MIT Researchers Discover Clay Compound in Kitty Litter Can Combat Climate Change

Cambridge, MA – Greenhouse gases are a major proponent of climate change, but researchers from the Massachusetts Institute of Technology think they may have found a way to contain them. They have discovered one unlikely product to be useful in grabbing methane gases out of the air clay particles found within kitty litter. The scientists tested this theory by putting zeolite clay which contains tiny pores that act as a sort of sponge  in a copper solution and then releasing it into the air as carbon dioxide. 

Sending carbon dioxide into the air can sound counterproductive as it is also known as a greenhouse gas, but methane is known to trap heat in the atmosphere 80 times more than carbon dioxide. The U.S. Department of Energy decided to bank on this new discovery by providing the MIT researchers with a $2 million budget. The department hopes to use the clay compound for coal mine vents and dairy barns to capture methane before it goes out into the atmosphere.  

As interesting and hopeful as this might sound, the zeolite won’t be the end-all to climate change. In fact it will only be able to make a small change, if that, because it’s still in the research phase. According to the National Oceanic and Atmospheric Administration (NOAA), methane is being pushed into the air in higher numbers than ever before. Methane levels have increased 7 times per billion in 2021. A lot of methane gases are caused by human activity. Landfills are an example of methane emissions into the atmosphere which contribute to global warming.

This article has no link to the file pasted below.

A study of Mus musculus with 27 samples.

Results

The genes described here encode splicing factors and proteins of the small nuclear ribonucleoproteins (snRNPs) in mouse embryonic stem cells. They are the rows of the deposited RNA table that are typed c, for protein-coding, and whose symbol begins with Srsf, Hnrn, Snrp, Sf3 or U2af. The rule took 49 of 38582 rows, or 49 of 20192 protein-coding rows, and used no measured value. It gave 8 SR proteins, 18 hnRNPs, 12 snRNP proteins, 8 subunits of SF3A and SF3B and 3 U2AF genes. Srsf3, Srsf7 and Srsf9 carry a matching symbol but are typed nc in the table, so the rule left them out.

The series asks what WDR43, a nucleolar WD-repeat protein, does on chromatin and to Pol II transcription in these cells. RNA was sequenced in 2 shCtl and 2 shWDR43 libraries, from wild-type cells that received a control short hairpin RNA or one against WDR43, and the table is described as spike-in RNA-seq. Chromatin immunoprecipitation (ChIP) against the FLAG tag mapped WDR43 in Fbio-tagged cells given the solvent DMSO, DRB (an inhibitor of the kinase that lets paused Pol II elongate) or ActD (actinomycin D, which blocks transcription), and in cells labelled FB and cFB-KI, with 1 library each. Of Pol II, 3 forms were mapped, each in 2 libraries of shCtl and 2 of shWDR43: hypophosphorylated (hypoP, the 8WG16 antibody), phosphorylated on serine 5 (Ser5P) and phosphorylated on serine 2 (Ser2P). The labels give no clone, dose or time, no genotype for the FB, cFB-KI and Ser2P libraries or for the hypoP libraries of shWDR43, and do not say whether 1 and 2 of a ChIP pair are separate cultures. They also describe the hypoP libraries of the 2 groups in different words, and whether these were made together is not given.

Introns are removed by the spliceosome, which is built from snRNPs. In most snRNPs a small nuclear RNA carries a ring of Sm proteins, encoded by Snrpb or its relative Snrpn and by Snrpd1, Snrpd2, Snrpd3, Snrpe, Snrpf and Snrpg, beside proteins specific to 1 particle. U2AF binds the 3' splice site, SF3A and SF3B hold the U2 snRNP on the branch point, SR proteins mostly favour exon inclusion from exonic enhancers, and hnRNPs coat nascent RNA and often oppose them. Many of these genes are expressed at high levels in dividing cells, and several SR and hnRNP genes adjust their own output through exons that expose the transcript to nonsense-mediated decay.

A more meaningful and impactful solution would be to reduce methane emissions at the biggest source — plugging oil and gas wells that are constantly leaking methane. We also need to focus on fighting the fossil fuels that are being emitted into the atmosphere every day. While this project is a light of hope, it remains to be seen if it is a long term solution.